The Practice of Gratitude

The ChiefOur dog, a three-year-old black lab named Chief, really has lived up to his name. He is dignified, kind, and gracious with all people and with other dogs. At meal time, he sits patiently and watches intently while his food is prepared. When we put his food down, he waits to be invited to eat. But then he does the dearest thing: when he is finished eating, he goes over to whoever put his food down and thanks them by nuzzling the hand. It is truly adorable.

Is there anything more attractive than gratitude? I think not. And guess what? It is as good for the person expressing gratitude as it is for the one receiving it. The research is piling up. Barbara Fredrickson’s research on Positivity shows a significant difference in health indicators, creativity, and resilience in people who practice gratitude among other positive emotions.

Robert A. Emmons and Anjali Mishra, leading researchers on the way gratitude affects health and well-being, define gratitude this way: “Gratitude is an acknowledgment that we have received something of value from others. It arises from a posture of openness to others, where we are able to gladly recognize their benevolence.”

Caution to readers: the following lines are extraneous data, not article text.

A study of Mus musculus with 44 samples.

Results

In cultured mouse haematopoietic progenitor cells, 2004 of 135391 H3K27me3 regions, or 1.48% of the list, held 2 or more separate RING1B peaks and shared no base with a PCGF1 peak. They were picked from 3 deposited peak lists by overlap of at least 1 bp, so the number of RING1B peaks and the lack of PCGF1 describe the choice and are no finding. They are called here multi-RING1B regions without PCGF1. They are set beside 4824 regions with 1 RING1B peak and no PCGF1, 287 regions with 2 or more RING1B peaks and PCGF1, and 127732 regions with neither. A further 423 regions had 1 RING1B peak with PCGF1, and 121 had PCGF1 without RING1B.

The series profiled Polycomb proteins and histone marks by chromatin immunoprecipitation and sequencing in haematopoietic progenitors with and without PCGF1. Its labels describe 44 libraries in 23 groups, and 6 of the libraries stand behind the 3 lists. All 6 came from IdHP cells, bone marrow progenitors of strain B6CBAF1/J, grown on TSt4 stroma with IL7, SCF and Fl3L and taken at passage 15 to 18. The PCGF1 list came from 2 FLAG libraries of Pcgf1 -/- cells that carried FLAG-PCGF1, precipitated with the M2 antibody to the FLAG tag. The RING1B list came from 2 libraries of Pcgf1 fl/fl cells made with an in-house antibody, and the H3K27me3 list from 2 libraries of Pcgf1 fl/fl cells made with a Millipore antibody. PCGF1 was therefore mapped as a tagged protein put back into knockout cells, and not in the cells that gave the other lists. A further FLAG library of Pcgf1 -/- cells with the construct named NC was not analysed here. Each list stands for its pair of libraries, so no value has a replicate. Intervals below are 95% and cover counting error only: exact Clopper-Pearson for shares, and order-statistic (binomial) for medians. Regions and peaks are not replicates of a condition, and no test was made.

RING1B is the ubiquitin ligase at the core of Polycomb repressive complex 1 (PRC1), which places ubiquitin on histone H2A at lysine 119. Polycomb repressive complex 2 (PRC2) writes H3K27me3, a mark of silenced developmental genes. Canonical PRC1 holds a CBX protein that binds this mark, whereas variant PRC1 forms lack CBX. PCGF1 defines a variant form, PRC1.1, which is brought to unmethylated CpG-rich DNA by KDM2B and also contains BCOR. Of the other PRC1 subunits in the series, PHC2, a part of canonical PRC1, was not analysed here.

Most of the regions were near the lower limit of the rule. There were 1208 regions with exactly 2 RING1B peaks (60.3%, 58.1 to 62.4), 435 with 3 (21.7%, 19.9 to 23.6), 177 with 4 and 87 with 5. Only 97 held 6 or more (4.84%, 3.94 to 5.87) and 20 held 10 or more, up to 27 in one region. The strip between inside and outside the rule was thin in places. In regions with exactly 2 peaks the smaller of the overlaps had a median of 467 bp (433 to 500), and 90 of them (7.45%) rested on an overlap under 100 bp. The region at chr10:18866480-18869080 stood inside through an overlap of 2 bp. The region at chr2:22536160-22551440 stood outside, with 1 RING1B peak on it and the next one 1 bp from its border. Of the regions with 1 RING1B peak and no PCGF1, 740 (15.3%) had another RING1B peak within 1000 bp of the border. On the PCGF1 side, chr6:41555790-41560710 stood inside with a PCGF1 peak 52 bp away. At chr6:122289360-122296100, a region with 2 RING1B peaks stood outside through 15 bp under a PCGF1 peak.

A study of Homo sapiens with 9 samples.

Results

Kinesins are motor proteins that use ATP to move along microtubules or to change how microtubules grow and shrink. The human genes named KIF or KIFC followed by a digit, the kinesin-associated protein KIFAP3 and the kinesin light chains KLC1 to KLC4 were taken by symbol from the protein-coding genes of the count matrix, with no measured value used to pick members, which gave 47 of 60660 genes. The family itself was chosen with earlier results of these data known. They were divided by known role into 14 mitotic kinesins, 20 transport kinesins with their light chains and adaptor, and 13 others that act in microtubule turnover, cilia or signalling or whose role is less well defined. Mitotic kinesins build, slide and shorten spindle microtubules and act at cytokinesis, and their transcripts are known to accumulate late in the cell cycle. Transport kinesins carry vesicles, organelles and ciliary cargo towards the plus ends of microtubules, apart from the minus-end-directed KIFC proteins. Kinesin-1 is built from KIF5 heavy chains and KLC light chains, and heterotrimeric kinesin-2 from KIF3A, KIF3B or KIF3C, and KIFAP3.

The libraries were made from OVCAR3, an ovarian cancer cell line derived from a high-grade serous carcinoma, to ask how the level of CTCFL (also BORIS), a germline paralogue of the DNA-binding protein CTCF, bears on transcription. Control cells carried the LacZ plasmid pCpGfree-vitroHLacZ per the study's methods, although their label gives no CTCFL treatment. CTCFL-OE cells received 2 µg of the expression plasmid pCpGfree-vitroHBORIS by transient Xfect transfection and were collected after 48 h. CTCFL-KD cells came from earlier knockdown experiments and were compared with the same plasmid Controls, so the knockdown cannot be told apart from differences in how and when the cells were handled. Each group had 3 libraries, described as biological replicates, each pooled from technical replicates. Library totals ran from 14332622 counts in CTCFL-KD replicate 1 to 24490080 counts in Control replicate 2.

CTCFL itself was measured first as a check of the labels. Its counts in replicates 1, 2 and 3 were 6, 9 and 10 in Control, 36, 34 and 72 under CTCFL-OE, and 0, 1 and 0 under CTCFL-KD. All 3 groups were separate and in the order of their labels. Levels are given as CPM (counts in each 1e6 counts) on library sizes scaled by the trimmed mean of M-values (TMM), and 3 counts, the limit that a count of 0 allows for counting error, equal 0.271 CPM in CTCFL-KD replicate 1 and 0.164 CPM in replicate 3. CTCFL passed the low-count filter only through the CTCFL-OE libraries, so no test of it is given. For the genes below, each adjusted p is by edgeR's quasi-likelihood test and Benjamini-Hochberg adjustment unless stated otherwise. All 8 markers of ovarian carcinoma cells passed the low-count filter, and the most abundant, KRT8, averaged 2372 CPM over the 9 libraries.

Their work shows that there is evidence to support the notion that gratitude facilitates coping with stress and reduces toxic emotions resulting from self and social comparisons and materialism. Further, experiencing gratitude can make positive memories (as opposed to bad ones) easier to access, helps build community, makes achieving goals more likely, and promotes health.

In the US, we are once again celebrating the Thanksgiving holiday. It is not accidental that most cultures have a “gratitude” holiday. It is simply good for us to stop and remember what we are grateful for. Many people “say grace” year round before eating, which is a wonderful way to stay mindful about how fortunate we are to have plentiful food and clean water.

Of course, practicing a form of religion usually involves giving thanks, and The Blue Zones research shows that people who live the longest belong to some kind of religious community. The secular among us can easily reap the same benefits. From a health and well-being standpoint there is ample evidence that practicing gratitude in small ways on a daily basis is a good idea.

Some ideas:

  • When stopped at a traffic light or sitting in traffic, instead of looking at your smartphone, make a list in your head of all of the things you are grateful for. It will lower your blood pressure, release beneficial neurotransmitters and reduce adrenaline and cortisol in your bloodstream.
  • Write a thank-you note or email to someone who has done something nice for you. It will make you smile and it will make the person who receives it smile.
  • As you are falling asleep at night, review your day and come up with one lovely thing you are grateful for. It can be as simple as the hummingbirds who love the tree outside your kitchen window or the fact that you have a job.

Make gratitude a habit. It isn’t that hard to do—and the rewards are immediate and vast.